An Essay Towards A Topographical History of the County of Norfolk: Volume 10. Originally published by W Miller, London, 1809.
It was held by an ancient family, who assumed their name from the town. John, son of Wymer de Helgeton, gave to the canons of Walsingham, by deed, sans date, a quarter of barley, yearly; and Robert, son of Herbert de Helgeton, gave lands in Carlton to the canons of Langley.
In the 4th of King John, a fine was levied between William, parson of Helgeton, petent, and Godfrey, son of Alan tenent, of lands here; and in the 10th of that King, Jeffrey de Noring was petent, and Alan de Helgeton, tenent, of a carucate of land.
William de Helgeton was lord, and died about the 10th of Henry III. and was succeeded by John his brother, when Alice, widow of William, granted to John, the 3d part of this manor, held as her dower, with lands in Wramplingham, for the rent of 60s. per ann.
Thomas de Helgeton claimed, as lord, in the 14th of Edward I. the assise, view of frank pledge, and a weekly mercate, on Wednesday, with a fair in this manor. Sir Thomas de Helgeton and Alice his wife, were living in the 25th of Edward I. when they conveyed by fine, to William de Kerdeston, this lordship, with the reversion of many lands in this town, &c. after the decease of several persons, excepting the advowson of this church, and that of Ashby.
We find that the Helgetons had still an interest here; and in the 26th of Edward I. John de Helgeton, and Claricia his wife, granted lands to Matthew de Kerdeston; as Will. son of Rob. de Helgeton, and Prudence his wife did, to Hugh de Loverd, in the 11th of Edward II. and John de Helgeton and Roger de Kerdeston, held here and in Wramplingham, one fee, in the 17th of that King. John de Snetterton, and Bartholomew de Helgeton, conveyed to John de Helgeton and Agnes his wife, (as trustees,) several messuages, and great parcels of land in the 6th of Edward III. but the manor and advowson was, at this time, in the Kerdestons, and Roger de Kerdeston presented in 1326.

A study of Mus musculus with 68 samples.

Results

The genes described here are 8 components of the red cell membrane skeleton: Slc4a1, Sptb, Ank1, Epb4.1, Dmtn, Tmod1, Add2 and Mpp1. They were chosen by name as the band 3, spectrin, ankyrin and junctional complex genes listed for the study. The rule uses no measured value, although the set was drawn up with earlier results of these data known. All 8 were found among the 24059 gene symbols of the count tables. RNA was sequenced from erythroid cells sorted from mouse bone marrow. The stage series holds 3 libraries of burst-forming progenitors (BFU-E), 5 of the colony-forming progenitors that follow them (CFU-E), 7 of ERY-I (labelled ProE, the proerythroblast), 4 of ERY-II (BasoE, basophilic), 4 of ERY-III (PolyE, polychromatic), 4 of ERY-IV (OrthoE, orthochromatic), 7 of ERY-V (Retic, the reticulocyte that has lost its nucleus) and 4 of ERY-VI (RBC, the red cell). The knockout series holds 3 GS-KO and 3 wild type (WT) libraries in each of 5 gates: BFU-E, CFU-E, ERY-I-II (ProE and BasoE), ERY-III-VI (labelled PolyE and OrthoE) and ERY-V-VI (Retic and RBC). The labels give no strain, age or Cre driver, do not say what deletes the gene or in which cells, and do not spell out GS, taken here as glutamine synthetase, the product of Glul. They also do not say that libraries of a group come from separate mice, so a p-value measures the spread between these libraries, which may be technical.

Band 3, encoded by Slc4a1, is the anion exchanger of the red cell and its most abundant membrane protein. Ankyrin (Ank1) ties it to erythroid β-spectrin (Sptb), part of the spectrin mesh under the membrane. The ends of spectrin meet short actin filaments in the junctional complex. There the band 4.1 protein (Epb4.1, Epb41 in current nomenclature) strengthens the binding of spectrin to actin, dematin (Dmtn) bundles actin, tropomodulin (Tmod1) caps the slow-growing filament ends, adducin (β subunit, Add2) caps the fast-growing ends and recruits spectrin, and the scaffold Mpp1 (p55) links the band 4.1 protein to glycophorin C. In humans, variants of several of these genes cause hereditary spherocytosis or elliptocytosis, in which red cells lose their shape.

Godric, the King's steward, had a grant of the lands of 3 freemen, 2 of them belonged to Edwin, (who was son of Algar Earl of Mercia,) and one to Gert, (King Harold's brother,) on whose deprivation, their lands were granted to Ralph Earl of Norfolk, and on his rebellion, and forfeiture, to Godric.
These three freemen had 2 carucates of land, and 12 borderers under them, held 3 carucates and a half; there were 12 freemen, 6 of them belonged to the lord's fold, who had the soc, and the other six were freemen; among all these were 2 carucates, and 40 acres of land. Helgeton was 4 furlongs long, and 3 broad, and paid 4d. gelt. (fn. 2)
On the death of Godric, this seems to have come to the Crown, as an escheat, and was granted to William de Cheyney, (lord of Horseford,) with Claxton, in the reign of King Stephen, and so to the Cressys; and the family of De Kerdeston was enfeoffed of it, as may be seen at large in Claxton.
John de Shardelow and Agnes his wife, purchased lands here of John, son of Hugh le Falconer of this town, and Catharine, his wife, in the reign of Edward III. and in the 25th of that King, John, son of Sir John de Shardelow, and Thomas his brother, gave the church of Cowling in Suffolk, to Trinity hall, Cambridge.
Alan de Helgeton, by deed sans date, gave to the monks of Castleacre, land in Helgeton; (fn. 3) and Wimer, son of Lambert de Helginton, gave to them a meadow, called Hoxwelledol; and in the 30th of Edward I. Thomas, son and heir of Sir Robert de Haleghton, covenants (with his father) to marry Joan, daughter and heir of Sir Nicholas de Wokindon.